Quality of life in Delhi has improved significantly in the last few years due to high economic growth and better delivery of basic services but safety and security of residents remains an area of concern, a report released today by Vice President Hamid Ansari said.
According to Delhi Human Development Report 2013, access to basic services like power and water supply, public transport,health care facilities and educational opportunities have improved in the city in the last seven years. The study compared findings of a similar report in 2006.
Despite the above achievements, the report, prepared by Institute for Human Development, said "equity" continues to be a concern as access to some of the services remains riddled with disparities.
"The disparities are visible when various income groups and types of settlements are taken into account. There are gender gaps in work participation and literacy. There also appears to be an issue with regard to public safety for the citizens in the state," it said.
The report expressed concern over high crime rate in Delhi and said the rates of kidnapping and abduction of children in Delhi increased significantly from 4.5 per one lakh population in 2004-06 to 18.3 per one lakh population in 2012. It said Delhi reported higher rates of violent crimes such as murder and kidnapping compared to other cities.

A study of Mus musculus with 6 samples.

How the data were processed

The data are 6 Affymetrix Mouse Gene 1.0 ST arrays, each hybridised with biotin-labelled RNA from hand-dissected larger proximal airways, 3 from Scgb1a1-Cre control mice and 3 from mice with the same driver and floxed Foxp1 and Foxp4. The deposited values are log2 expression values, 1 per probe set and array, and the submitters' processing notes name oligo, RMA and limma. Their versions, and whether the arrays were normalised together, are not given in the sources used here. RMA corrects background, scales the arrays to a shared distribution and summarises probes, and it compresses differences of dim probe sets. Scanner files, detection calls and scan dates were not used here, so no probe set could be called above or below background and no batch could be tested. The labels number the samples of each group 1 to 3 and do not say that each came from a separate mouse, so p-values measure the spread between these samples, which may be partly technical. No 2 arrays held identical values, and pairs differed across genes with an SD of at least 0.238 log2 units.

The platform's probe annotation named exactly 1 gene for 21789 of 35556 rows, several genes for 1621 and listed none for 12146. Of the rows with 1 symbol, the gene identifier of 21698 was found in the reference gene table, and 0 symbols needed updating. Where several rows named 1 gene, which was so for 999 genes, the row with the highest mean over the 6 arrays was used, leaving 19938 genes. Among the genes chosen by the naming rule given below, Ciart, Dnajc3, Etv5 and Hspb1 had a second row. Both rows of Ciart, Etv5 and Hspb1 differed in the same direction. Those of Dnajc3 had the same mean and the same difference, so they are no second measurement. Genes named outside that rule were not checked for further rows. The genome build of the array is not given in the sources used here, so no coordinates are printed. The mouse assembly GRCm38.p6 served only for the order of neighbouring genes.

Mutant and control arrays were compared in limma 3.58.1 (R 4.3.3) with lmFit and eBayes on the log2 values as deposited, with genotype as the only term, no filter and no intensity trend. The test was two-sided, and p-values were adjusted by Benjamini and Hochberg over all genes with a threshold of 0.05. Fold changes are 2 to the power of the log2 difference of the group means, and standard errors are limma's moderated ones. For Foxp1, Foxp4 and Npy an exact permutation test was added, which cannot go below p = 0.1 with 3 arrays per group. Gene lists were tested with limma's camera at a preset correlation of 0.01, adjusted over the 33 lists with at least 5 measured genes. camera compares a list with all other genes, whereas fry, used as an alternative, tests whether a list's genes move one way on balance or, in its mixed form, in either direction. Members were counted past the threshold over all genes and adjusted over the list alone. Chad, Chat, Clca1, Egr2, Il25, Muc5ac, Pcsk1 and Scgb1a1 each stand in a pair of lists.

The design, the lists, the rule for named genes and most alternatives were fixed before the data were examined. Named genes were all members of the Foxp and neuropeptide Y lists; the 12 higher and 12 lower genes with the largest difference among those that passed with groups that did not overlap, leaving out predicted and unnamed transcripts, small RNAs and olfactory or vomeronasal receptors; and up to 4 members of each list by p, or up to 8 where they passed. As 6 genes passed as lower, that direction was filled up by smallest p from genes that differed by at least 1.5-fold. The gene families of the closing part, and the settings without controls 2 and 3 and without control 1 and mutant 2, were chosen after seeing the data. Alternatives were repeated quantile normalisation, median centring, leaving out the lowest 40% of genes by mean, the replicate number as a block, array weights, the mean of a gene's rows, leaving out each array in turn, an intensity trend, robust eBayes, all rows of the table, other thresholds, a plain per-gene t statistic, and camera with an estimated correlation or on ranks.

It said the overall rates of crime against women increased from 16.8 to 20.7 per one lakh women between 2004-06 to 2010-12. The rate of rape has gone up to four per lakh women during 2010-12 compared to 3.2 during 2004-06.
Analysing the official date, the report said the crime rate against children in Delhi is among the highest, with rape and kidnappings constituting the main crimes.
Speaking on the occasion, Ansari noted that the issue of safety and security has been agitating the public mind and government must restore people's faith in police and justice delivery system.
The report analyses issues from two perspectives: first, the facts on the ground; and second, people's perceptions regarding the same. A total of 8,000 people were surveyed to prepare the report.
About basic services, the report said though access to public health facilities has improved, it still falls short of acceptable standards, particularly due to overcrowding, an inadequate health workforce and skewed facility locations, all of which have a bearing on the quality of services and responsiveness of the health system at large.
The report said employment opportunities have expanded and the earnings of casual as well as regular workers have shown an increase. The female workforce participation has somewhat risen from its low base level.
"The tightening of the labour market has possibly contributed to the lowering of poverty in Delhi. During the period 1999-2000 to 2011-12, an additional 1.3 million people were added to the workforce, reaching to 5.56 million. The female workforce participation rate, which was less than 9 per cent in 1999-2000, increased to over 11 per cent by 2011-12," it said.